Honored high school senior has a name that’s familiar

October 28, 1987 — New York Times

For the last 14 years the American Contract Bridge League has named a King (or Queen) of Bridge. The title goes to the high school senior in North America with the best tournament record, and carries with it a scholarship that goes to an outstanding student in the winner’s graduating class.

Two of the previous winners, Jeff Meckstroth and Robert Levin, went on to win world titles.

The 1987 winner is Richard Pavlicek Jr. of Fort Lauderdale, Fla., whose name is well known. His father is a player-writer who has won a string of major national team titles in the past five years.

The two Richard Pavliceks were in partnership on the diagrammed deal from a regional tournament in Miami Beach. The younger Rich, sitting South, ventured an overcall of four diamonds after an eccentric three-spade bid by East created a problem for him. He felt nervous when he was doubled, but his father produced a very helpful dummy.

4 D× by South

Both Vul
S 3
H Q 6 2
D 8 7 5 3
C A J 9 6 5
S J 6 4
H A 10 7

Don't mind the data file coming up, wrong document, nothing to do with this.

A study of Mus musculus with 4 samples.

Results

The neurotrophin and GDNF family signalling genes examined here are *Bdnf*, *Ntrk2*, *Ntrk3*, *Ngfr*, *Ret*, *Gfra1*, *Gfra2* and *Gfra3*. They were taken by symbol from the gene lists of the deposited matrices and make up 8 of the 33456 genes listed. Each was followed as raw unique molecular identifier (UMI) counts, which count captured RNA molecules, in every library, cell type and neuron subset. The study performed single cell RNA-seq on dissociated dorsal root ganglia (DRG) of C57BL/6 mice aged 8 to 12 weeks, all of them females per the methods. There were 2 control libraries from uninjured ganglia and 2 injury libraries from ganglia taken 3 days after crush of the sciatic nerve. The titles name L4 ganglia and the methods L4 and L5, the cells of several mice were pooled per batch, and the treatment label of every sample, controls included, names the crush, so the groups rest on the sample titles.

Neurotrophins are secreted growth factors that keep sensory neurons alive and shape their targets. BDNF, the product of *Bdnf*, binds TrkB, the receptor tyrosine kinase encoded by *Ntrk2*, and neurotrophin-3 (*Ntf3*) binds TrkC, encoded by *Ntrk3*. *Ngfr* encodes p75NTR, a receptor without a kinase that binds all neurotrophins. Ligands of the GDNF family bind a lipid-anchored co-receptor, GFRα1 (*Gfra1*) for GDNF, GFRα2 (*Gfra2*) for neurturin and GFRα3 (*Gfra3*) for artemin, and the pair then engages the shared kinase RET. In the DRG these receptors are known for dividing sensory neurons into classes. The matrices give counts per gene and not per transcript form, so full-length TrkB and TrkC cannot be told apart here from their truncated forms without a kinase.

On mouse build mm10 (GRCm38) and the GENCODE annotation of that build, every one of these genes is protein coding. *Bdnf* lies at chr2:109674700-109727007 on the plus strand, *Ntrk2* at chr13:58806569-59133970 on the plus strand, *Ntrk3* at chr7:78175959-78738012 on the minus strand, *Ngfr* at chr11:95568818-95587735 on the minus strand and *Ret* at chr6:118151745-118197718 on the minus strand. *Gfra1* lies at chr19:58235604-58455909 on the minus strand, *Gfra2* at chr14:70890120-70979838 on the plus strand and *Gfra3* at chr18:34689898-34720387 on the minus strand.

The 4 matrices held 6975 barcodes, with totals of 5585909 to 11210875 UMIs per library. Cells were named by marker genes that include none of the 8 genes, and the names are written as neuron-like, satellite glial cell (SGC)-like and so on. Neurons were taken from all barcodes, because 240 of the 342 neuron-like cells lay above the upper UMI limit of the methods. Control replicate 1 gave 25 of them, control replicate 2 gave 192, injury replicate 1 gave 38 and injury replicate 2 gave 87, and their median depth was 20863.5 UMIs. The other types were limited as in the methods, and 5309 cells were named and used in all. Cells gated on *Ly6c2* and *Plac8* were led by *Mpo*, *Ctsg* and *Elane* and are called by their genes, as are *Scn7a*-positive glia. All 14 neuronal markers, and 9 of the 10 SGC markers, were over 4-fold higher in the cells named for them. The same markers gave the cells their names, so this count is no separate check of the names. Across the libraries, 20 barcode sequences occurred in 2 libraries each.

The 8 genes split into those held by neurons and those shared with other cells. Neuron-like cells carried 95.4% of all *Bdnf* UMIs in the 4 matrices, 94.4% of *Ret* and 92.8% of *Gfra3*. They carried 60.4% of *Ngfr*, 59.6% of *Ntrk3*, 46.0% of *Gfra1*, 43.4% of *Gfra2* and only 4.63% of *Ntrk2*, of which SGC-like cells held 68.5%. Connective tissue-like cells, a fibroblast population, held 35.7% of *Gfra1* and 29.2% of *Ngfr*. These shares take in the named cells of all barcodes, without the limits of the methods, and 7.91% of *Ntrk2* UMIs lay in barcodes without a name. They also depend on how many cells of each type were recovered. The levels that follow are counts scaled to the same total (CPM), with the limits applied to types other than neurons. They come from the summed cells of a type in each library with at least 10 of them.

D Q 10 9 6
C K Q 3
TableS K 10 9 8 7 2
H K 4 3
D
C 10 8 7 4
Lead: S 4S A Q 5
H J 9 8 5
D A K J 4 2
C 2

West

Dbl
North

All Pass
East
3 S
South
4 D

Even so, it appears that the bad trump break dooms declarer to lose two tricks in each red suit. When a spade was led to the king and ace, Rich cashed the diamond ace and discovered, without being surprised, that the trumps were all on his left.

He cashed the spade queen, discarding a heart from the dummy, and led a heart to the queen. East won with the king and returned the suit. West won with the ten and shifted to the club king.

Declarer won with the ace, and took a club ruff, a heart ruff, a club ruff and a spade ruff to produce a three-card ending. A club was led and Rich discarded his last heart and made his doubled contract. West had to ruff and lead from the diamond queen at the 12th trick.

There was an effective defense, but it was not easy to find. If West had put up the heart ace at the fourth trick and played his remaining spade, his partner would have been able to play a fourth round of spades later to frustrate the impending endplay.